I am a big believer in student choice and engagement in school. As a student myself, I always craved more choice in my education, but it wasn’t generally available in the eighties when I was in elementary and middle school, nor in the nineties in high school. I was a bright kid who loved learning and reading, yet I was often bored and disliked the texts we were assigned to read. Not till college in the Honors Program at UGA was I able to do independently-designed learning through Honors Option courses.
In graduate school, I learned about Reading and Writing Workshop, and quickly set about learning as much as I could about this literacy program. The basic tenets of student choice and voice were very appealing to me. I began by reading Nancie Atwell’s book In the Middle and began attending the Teachers College Reading and Writing Project‘s Summer Institutes on reading and writing. I used Reading and Writing Workshop for nine years, never teaching a whole-class novel the entire time I taught middle school English Language Arts and Social Studies. Instead, I read mentor texts aloud to my students – poetry, articles, opinion columns, novels, short stories. Most of the time in a workshop class, students are reading in self-selected books. The teacher’s role is to model reading strategies using the mentor text and then confer with readers to help them apply the strategies that work for them, in their independent reading books. This supports students in their choice reading.
Choice reading helps students find their way as readers. It’s inherently differentiated by interest and ability level. It’s motivating and satisfying to be able to try books and abandon them until, perhaps with support, you find a Just-Right book. Having a rich variety of text types – fiction in various genres, nonfiction, shorter texts, graphic novels, etc. – helps the students find their niche as readers.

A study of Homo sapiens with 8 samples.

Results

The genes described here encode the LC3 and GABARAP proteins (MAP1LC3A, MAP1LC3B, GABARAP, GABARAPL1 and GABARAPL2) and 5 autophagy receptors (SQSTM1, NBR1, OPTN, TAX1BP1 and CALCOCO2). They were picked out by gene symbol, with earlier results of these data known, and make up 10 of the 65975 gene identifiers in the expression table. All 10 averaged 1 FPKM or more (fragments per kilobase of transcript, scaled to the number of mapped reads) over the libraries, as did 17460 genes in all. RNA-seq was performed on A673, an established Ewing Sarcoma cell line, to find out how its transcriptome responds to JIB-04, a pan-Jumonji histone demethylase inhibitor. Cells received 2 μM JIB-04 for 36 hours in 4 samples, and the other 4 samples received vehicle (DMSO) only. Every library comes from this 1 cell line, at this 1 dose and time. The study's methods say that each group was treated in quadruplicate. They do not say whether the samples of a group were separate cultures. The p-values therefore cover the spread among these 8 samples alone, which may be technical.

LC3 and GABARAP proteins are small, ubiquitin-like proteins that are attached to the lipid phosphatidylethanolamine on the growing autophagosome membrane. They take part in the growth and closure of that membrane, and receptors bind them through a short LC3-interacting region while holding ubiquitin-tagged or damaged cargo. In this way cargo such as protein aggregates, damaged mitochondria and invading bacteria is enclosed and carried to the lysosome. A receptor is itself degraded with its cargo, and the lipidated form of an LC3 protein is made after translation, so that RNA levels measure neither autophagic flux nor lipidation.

Now that I have transitioned to full-time World Language teaching, I have been doing a lot of thinking on the whole-class novel in my French and Spanish classes. I used to teach whole-class novels in my World Language classes. It was what I’d been trained to do. It was what I saw others doing with the novels. It seemed like we had to do that because our kids were beginners. So even though in my ELA and SS classes I would have never done a whole-class novel, I taught them in French. We would do SSR a couple times a week in my small library (of books that were way too hard!) and do one or two novels a year.
My students would grow weary of the novels despite the activities we did with them. We generally would get through three or four chapters and the bloom would fade. I would sometimes abandon the novels and sometimes plug on till the end. I thought that because many of my my students’ reading abilities in L1 were low, that it was just to be expected that they wouldn’t like the novels as much as I hoped they would.
Then I moved to full- time language teaching in a low-poverty school. The kids generally love L1 reading. But the first year when we did whole-class novels, they still tired of the novel. I started thinking maybe it was about the nature of whole-class novels, not the kids’ attitude towards reading. The same kids I’m fighting with to put their books away during class would groan quietly when we got out the novel. They would also be heard complaining about their ELA novels (my new school does not implement workshop as widely as my previous school).
So I began to think about whole-class novels in World Language. And I stopped the practice in mid-year three years ago. And then the next year when I began the year with just SSR, I noticed that the kids’ attitudes toward reading in L2 were much brighter. The power of student choice had worked wonders! Even novels that has elicited groans as whole-class books were being read eagerly by engaged students. I like to died when I heard a kid recommending Pauvre Anne to a friend!
The nuts and bolts of implementing SSR are certainly a big consideration, which I hope to write about soon.